What's in a name? Quite a lot, actually
'Why do we have to use long botanical names that are so difficult to pronounce, instead of sticking to the common type? And why do they keep changing the names of plants we've known for years?'
The questions were posed recently, and not for the first time, during our Weekending Show on Lionheart Radio.
Friend Carl, with whom I co-present the programme, also wanted to know because it irks him that a plant he’s just learned to address correctly is suddenly renamed.
The problem is that common names for specific plants vary between regions, let alone countries, so talking about your ‘spider plant’, ‘mother-of-thousands’ or ‘pennies from heaven’ might be okay locally, but will cause confusion elsewhere.
Furthermore, totally different plants often share the same common name, and many have none at all.
A favourite example relates to a common perennial weed that takes root in lawns and borders alike. In the home counties it’s variously known as swine’s snout, dog’s posy, peasant’s clock and pittley beds. No doubt it has different names in Scotland, Ireland and Wales, but you’ve had enough clues to recognise it as dandelion, which is also a common name.
Here’s the crunch. If you walked into any garden centre from Athens to Zanzibar and asked for an herbicide to treat dandelions, they’d be puzzled. A better chance of success would come with the internationally-recognised botanical name, Taraxacum officinale.
Plants are registered worldwide under a nomenclature scheme using internationally-recognised Latin. Originally devised by Carl von Linne (Linnaeus), in his Systema Naturae (1735), it introduced a sense of structure that persists today.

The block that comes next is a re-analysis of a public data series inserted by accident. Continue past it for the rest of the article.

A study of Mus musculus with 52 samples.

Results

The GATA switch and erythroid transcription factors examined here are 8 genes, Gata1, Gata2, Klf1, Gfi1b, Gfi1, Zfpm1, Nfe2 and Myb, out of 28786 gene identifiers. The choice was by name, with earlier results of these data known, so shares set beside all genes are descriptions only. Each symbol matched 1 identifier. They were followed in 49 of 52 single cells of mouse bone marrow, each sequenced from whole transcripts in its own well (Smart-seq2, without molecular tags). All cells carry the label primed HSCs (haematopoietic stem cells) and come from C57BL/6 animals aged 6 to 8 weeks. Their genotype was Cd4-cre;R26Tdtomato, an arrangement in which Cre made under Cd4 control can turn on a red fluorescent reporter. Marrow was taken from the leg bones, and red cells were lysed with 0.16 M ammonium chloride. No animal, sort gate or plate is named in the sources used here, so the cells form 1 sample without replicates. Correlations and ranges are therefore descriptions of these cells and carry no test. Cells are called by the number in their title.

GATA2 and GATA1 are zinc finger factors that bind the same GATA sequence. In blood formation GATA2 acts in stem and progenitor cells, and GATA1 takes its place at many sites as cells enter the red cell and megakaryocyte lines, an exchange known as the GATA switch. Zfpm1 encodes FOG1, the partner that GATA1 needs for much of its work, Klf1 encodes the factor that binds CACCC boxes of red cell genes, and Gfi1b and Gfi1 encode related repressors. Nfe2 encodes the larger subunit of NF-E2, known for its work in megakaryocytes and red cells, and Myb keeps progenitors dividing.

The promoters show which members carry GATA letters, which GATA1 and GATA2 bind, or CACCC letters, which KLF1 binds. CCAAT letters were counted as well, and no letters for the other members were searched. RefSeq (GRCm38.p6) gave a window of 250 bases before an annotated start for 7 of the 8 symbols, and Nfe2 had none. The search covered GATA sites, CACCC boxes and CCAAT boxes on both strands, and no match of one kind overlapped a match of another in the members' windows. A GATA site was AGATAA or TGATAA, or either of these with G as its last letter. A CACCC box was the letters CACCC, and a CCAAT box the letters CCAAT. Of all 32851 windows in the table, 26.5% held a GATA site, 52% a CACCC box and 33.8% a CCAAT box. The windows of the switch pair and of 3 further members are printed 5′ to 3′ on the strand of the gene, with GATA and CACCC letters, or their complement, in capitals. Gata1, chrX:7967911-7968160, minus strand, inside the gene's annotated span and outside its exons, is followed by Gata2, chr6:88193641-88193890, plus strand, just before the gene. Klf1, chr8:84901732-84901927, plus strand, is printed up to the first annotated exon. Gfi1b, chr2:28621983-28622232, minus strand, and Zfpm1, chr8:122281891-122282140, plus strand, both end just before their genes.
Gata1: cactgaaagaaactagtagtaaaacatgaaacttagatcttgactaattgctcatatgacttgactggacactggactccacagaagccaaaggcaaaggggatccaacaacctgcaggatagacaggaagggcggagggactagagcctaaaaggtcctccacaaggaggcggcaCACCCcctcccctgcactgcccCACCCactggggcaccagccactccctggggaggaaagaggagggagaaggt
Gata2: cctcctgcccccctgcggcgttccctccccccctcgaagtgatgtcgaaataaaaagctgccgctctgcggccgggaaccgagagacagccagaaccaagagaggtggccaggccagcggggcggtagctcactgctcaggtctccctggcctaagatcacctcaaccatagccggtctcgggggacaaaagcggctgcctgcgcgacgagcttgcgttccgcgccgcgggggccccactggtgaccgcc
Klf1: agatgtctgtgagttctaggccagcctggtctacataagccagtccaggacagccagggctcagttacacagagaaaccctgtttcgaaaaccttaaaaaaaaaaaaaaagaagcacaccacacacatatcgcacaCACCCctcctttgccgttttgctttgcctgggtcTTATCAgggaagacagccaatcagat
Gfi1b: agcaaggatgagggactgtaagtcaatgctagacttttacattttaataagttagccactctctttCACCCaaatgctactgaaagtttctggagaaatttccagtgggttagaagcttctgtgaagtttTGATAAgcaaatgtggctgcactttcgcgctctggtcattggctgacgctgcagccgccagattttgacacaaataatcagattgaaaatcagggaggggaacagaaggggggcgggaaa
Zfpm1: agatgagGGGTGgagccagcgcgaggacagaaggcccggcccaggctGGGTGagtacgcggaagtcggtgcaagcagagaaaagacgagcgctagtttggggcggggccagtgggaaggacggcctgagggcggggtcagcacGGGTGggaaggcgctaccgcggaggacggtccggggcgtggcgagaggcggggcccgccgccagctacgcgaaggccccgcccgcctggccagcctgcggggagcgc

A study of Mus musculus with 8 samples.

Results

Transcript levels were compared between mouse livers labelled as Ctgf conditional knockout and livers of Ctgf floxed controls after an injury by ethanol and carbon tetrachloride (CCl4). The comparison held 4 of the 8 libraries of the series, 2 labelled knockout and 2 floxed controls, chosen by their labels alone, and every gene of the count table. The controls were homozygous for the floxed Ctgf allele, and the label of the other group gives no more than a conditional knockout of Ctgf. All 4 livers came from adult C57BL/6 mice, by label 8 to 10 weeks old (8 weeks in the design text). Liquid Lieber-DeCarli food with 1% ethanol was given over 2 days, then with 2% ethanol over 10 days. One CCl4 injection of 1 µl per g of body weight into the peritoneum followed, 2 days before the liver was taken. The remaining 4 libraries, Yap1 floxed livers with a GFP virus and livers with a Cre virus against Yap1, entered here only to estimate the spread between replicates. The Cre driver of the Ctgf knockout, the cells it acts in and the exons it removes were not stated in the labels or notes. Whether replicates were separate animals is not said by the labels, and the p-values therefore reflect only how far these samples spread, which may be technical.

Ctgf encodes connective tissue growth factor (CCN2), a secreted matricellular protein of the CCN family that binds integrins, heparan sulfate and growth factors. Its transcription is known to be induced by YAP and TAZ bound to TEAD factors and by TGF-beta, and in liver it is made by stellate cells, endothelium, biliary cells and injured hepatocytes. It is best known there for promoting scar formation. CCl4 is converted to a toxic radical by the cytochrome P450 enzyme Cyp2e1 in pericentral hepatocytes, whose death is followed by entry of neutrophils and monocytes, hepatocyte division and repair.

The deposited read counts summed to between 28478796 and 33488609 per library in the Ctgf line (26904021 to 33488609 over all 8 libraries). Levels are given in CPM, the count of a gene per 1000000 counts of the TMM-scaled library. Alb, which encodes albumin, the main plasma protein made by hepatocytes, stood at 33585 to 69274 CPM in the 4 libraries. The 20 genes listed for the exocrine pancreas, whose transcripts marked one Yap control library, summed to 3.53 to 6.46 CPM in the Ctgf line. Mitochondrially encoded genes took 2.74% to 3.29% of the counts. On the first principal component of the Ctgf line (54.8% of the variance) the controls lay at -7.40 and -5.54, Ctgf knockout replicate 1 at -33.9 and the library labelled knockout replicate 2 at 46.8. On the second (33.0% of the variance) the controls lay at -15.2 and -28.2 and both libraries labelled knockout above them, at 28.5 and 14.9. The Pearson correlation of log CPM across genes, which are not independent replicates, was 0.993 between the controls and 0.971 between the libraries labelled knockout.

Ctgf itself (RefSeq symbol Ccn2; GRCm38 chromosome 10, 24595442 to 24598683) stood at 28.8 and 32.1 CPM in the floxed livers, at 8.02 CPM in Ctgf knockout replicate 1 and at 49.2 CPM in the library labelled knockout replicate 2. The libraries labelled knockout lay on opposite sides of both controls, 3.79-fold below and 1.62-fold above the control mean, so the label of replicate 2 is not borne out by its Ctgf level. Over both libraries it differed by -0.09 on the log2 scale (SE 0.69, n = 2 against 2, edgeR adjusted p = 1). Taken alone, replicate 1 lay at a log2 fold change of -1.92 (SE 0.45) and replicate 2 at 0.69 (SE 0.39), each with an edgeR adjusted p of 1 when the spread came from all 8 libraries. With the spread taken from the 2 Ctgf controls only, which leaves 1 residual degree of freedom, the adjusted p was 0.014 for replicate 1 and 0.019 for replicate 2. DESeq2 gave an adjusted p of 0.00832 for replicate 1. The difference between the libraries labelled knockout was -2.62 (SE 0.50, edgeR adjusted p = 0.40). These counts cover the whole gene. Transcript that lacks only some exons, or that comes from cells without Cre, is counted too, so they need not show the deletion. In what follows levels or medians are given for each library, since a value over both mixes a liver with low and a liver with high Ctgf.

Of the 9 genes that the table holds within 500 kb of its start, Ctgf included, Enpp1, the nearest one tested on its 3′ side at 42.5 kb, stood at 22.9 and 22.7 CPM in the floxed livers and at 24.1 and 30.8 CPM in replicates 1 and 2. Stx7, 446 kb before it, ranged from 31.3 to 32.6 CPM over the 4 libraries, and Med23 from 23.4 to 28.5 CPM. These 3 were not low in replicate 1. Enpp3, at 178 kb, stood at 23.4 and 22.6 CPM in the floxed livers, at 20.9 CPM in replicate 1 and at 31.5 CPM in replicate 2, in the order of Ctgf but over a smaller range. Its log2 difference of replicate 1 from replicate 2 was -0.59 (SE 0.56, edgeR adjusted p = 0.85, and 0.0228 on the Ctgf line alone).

Name changes occur as botanists look beyond the external features of plant groups.
Plants are grouped in families if they share a set of underlying features, for example the family rosaceae embraces roses, cherries, plums and others. These are sub-divided into genera when several plants within a family share a wide range of similar characteristics, such as roses.
A further division (species) is made for a group of plants capable of breeding together to produce offspring. Subspecies are naturally occurring variants of a species, and varieties are a smaller subdivision of a species with a slightly different botanical structure.
Cultivars are distinct variants of species, subspecies, varieties or hybrids that have been selected or artificially raised. They are instantly recognised in catalogues by a capital letter and single speech marks.
So, the gorgeous, slow-growing conifer Chamaecyparis pisifera, Filifera Aurea, in this garden is a member of the family cupressaceae, which contains many attractive evergreen conifers. The genus name is chamaecyparis and the species is pisifera, which means bearing peas.
Filifera Aurea denotes that it’s a cultivar whose name interprets as bearing golden threads. This beautifully describes the dangling, thread-like foliage.